I despise not travelling. It feels like being bound on an island surrounded by sea water. The beauty of nature set apart, one knows that there are no means of rescue except for having to wait for it. It is upon the stranded to discern flanks for arranging edibles and drinkables. As literal as it gets, to travel is to make a journey. That is universal agreement. The distance is where its impression becomes subjective. One’s idea of travelling could be to take a trip that covers a considerable distance and time. An itinerary complemented by a rail journey or one in flight could be a preeminent bottom line; however, a trip made within limits of one’s residential city is very well an option. Like the one from suburb to the library in the town’s centre or a journey from outskirts to the heart for a concert counts as travel. You devote time to getting from one part of the city to another, are quartered at your destination for a few hours, and indulge in an activity that is worth your time, before heading home. An outing of a kind as such demands a sizeable chunk of attention from one’s day. Maybe a whole.
I am fond of travelling in my city. Because of its intimate familiarity, the benign patterns of its naturally-ageing roads, its alternative and shorter beats and most of all, for the reassuring repute of arriving home at the end of the day. There is nothing that tops the balmy awareness of coming back to someone. Irrespective of a day well-spent. Or otherwise.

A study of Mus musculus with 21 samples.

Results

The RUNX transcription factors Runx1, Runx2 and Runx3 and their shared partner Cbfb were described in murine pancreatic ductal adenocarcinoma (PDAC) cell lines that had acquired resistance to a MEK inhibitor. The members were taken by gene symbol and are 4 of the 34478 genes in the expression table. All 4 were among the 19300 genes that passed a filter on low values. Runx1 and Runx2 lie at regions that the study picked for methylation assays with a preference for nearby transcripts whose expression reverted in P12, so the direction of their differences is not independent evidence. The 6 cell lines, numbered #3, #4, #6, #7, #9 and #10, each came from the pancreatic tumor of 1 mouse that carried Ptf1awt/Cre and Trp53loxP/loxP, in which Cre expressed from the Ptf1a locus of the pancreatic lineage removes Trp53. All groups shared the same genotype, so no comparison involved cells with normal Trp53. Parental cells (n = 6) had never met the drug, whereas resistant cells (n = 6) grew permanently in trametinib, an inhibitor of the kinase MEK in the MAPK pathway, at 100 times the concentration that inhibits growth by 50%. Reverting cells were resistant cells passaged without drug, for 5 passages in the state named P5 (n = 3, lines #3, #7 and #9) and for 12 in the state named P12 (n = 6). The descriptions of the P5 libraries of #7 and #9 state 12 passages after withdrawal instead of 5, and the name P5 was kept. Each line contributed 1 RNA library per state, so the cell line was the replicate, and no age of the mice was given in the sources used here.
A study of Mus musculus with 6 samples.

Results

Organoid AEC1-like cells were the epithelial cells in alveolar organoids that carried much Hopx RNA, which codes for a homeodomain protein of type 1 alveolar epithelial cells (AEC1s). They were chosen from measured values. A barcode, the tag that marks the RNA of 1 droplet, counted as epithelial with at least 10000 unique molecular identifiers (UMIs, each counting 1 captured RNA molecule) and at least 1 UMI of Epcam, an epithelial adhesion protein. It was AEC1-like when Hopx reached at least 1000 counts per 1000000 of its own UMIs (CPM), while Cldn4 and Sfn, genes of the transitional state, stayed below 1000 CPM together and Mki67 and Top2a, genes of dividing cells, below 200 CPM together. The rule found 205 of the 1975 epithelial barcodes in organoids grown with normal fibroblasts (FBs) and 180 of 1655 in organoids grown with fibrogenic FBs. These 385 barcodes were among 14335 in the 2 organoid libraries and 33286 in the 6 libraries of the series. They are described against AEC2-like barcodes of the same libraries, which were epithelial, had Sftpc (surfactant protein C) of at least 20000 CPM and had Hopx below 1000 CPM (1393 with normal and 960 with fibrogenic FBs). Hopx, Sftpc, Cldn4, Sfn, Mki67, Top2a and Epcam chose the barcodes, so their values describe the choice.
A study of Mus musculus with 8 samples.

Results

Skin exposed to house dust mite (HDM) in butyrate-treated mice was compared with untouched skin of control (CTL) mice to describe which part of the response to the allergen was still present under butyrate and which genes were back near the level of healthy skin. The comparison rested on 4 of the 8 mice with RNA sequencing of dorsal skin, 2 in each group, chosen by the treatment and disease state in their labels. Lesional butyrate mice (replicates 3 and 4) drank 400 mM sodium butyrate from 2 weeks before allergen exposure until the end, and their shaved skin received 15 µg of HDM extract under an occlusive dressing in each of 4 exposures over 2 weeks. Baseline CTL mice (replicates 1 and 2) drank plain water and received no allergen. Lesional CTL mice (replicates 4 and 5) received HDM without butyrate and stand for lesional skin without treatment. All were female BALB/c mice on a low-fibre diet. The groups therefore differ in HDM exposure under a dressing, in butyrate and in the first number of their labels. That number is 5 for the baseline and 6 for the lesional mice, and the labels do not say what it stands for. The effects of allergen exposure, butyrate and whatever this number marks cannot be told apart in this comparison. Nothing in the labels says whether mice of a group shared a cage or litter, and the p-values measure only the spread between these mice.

I travelled to Kochi in Southern India earlier this week as I wanted to visit the much heard about Biennale. The prospect of going solo first time after my marriage to Pachai was both
exciting and anxiety-ridden. I hoped the Biennale to supplement my otherwise collocating writing skills by helping me broaden the thought-process and draw parallels. As much as the visit was to seek stories through visual nodes and all things artsy, the vacationing mindset was a forbidden fruit. But of course, things do not always happen according to one’s way of thinking. Especially, when there is an itinerary.
The first day turned out to be a bouncer, for there was to visit a political official of national importance. Biennale locations close by were refrained from opening up to the public. Call it a day wasted, or the lack of finishing one’s homework before planning the visit.
It wasn’t a feel-good sentiment, on having been turned away from the venues.
The sun had only crept overhead, and there was nothing to do. The prospect of returning to the inn was looming and particularly disengaging. I left for a view of the well-knit sea overlooking the Kochi Port and Harbour. For a novice, the fishermen working their nets in this belt is remarkable and intriguing. The afternoon sun reflected pebbles of diamonds on the facet of the curling salt water. The surface of the sea bounced and gleamed, enduring its blueish-green sheen for as long as one’s eyesight extended. Waves upon waves crashed and burned each other in pursuit of making it to the shore. They could have been either fiercely competitive or were only playing as a team. It was hard to discern. Or decide. A far end of the sea held lofty sailing vessels as its hostage, the lineup building an impressive spectacle. The shore played a breezy tune to the kink in its strand. The view drifted seamlessly into the horizon as a well-conceptualised three-dimensional model, but it didn’t add up. None of it did.
Something was amiss.
The Blues & the Greens: Caged, Framed & Moored
Travelling without Pachai, if not for an agenda of research and learning, isn’t my favourite kind.